OK Go, the guys from the infamous treadmill video (among others), combine the swaggering riffagey thump of Jet with the cheeky ubergeekdom of Fountains of Wayne, with more than a little theatrical/chameleonic pop savant Queen-ishness thrown in. Either that, or they sound sort of like Weezer and The Cars reimagining the soundtrack to The Rocky Horror Picture Show.
You get the point -- there’s something determinedly off-kilter about almost every deliriously catchy power-pop confection on this album. From the opening strains of bombastic opener “Invincible” to the final distortion-drenched fadeout of “The House Wins,” it’s a truly sparkling combination of oddball humor and rivetingly clever guitar riffage.
Following on the heels of the thundering arched-eyebrow wink that is “Invincible,” “Do What You Want” delivers a dirty-sweet Jet-ish jam with tongue again firmly in cheek, goofy harmonies counterbalancing deliciously catchy guitar lines. The treadmill-erific “Here It Goes Again” completes the opening one-two-three punch, demonstrating that, separate and apart from being associated with one of the coolest music videos ever made, it’s a first-rate guitar-pop tune, a regular “Stacy’s Mom” of riffy, witty, burrow-inside-your-brain wonderfulness.
On “Oh Lately It’s So Quiet,” frontman Damian Kulash shows he’s more than just a pretty face with an unusual sense of humor as he delivers a falsetto that’s not just convincing but actually quite good – not to mention, a major contrast to the screamy growly rock singer parody voice he pulls off on a number of other tracks here. He’s got tremendous range and genuinely inhabits the characters in OK Go’s songs, much like Chris Collingwood of Fountains of Wayne.
OK Go’s songs don’t feel as meticulously crafted as their New Jersey cousins’ because they’re played with more reckless abandon, looser and harder. Still… while the quartet tosses off swaggering little power-pop gems like “Good Idea At The Time,” “It’s A Disaster” and “A Million Ways” with a disarming effortlessness, the truth of the thought and craft that goes into their work is perhaps underscored by the fact that it’s 2009, the group’s debut came out in 2002, and we’re still waiting on album number three.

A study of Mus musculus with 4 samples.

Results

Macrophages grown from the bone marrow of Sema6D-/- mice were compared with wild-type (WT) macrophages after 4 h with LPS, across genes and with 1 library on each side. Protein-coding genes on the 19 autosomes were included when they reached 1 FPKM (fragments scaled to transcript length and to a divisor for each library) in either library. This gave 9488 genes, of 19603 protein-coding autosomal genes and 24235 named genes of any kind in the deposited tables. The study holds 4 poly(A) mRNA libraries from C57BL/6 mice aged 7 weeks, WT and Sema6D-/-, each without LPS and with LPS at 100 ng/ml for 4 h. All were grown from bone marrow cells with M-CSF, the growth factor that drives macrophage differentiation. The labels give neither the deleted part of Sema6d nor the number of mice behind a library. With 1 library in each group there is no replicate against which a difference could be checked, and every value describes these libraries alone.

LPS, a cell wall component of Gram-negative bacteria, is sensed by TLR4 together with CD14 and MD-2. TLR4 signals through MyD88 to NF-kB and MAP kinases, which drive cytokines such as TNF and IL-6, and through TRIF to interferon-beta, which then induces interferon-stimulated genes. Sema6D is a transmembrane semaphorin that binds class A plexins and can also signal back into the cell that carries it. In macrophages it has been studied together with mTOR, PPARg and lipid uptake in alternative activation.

The apocalyptic riffing of “No Sign Of Life” reminds me of Transcendence, another out-there, heavy-rock, avant-garde band. “Let It Rain” is somewhat out of character, and interesting for that, a pretty pop song with delicate harmonies. It’s like they’re throwing you a curveball by doing a song that’s sort of sweet and sincere as opposed to their more typical snarky aggro-pop approach. Speaking of contrasts, “Crash The Party” starts off with an appropriately cacophonous explosion of thrashy trash rock, like the Stones after dropping acid and asking Bowie and Billie Joe Armstrong to sit in. And “Television Television” has more than a little “Radio Radio”-era Elvis Costello to it, that little punk edge hiding underneath.
“The House Wins” strikes a winningly sardonic closing note, a ringing, repeating guitar and piano riff and swirling retro-chic synthesizers underscoring a lyric that manages to be philosophical, dissolute and pretty all at once, a downbeat song with a celebratory feel. As on the rest of this album, OK Go swagger through the song while winking at you the entire time. Whatever the metaphysical point of that approach might be, the end result is an album full of songs that are catchy as hell and sucker-punch you from six or seven different directions at once. [Note: the recent deluxe edition of Oh No also includes a disc full of terrific videos and is well worth it.]